Deion Sanders's Colorado Buffaloes held their annual spring game this past Saturday, and the attendance told the story. Despite cold, snowy weather, more than 45,000 people paid $10 to attend the game; a year ago, the same game drew 2,000 or so people, who attended for free. ESPN sent their crew in and gave a mic'd up Sanders center stage, with him giving in-game interviews and serving as, per an ESPN write-up, "more hype man and emcee than playcaller." One of the stars of the game was Sanders's son, Shedeur, who looked great at quarterback, going 16-of-19 for 234 yards and three total touchdowns. The highlight of the day was Sanders's 98-yard touchdown to Montana Lemonious-Craig.
That play would have been a very encouraging preseason moment had Lemonious-Craig not left the program days later. On Monday, Lemonious-Craig hit the transfer portal, along with 17 of his teammates, including leading receiver Jordyn Tyson and leading rusher Deion Smith. Since the end of Colorado's 1-11season in 2022-2023, 46 scholarship players have left the program, with 41 leaving since Sanders announced he would take the job in December. Of the 83 scholarship players that were on the roster at the beginning of last season, just 20 remain.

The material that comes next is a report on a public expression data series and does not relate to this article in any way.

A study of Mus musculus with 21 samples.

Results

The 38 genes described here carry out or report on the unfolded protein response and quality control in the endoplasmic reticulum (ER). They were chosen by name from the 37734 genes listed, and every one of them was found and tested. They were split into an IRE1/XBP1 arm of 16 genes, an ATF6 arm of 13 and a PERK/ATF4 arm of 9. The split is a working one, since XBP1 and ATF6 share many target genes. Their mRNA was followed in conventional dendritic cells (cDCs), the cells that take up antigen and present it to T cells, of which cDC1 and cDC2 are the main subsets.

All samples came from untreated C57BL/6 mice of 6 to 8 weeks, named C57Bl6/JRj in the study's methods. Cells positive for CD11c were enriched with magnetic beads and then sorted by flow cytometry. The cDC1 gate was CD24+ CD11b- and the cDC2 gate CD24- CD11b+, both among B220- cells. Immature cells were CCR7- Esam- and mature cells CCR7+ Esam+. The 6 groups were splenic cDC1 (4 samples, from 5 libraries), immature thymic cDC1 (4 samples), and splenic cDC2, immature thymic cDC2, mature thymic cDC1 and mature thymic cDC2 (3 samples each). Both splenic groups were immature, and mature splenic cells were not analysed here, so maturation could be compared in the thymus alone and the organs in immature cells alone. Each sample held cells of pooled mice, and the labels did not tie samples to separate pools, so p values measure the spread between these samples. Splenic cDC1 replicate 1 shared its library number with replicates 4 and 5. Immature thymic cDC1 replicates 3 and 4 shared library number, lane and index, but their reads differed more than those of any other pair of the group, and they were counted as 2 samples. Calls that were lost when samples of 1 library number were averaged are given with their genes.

It is worth stressing that Sanders priced in an exodus, and indeed has been open about wanting to chase off much of the roster. Sanders is bringing several Jackson State players to Boulder, including Shedeur and former top recruit Travis Hunter, as well as several prominent transfers from schools like Arkansas and Alabama. He spent his first meeting telling Buffaloes players that he wanted a good majority of them to screw off so he could make space for incoming transfers and recruits. Before the spring game, he spoke to his team and once again said, "Everybody in this room is not gonna be in this room after Saturday." He encouraged holdover players to play hard and show out on ESPN so they could get better tape to entice new coaches.
So while players leaving was always part of the calculus, the severity of this exodus is still surprising. No other Power Five school lost more than 29 players during this cycle. Only 10 of the 41 players who started games for the Buffs last season are left, and only one player with more than 10 career starts is still around. None of the 10 scholarship wide receivers from last season will be with the team next year. What this means is that Sanders and his staff will have around 60 roster spots to fill with first-time Buffaloes before the team's first game against TCU in September. This was always the plan, and on Saturday he said, "I’m a change agent. And I’ll be darned, anything I touch, it has no other possibilities but to change. Because that’s what we do." That's one way to rephrase this sentiment.
Such a prominent coach leaning so heavily into the transfer portal as a roster rebuilding tool should put an end to complaints about how players use the transfer portal to switch teams and leave coaches in the lurch. Sanders's explicit goal is to get as many holdovers off his team as he can, while enticing just as many good players from better teams. He's using it as a tool to build his program, the same way players use it as a way to build their careers. What loyalty should an unpaid labor force owe to a management class that treats them this disposably?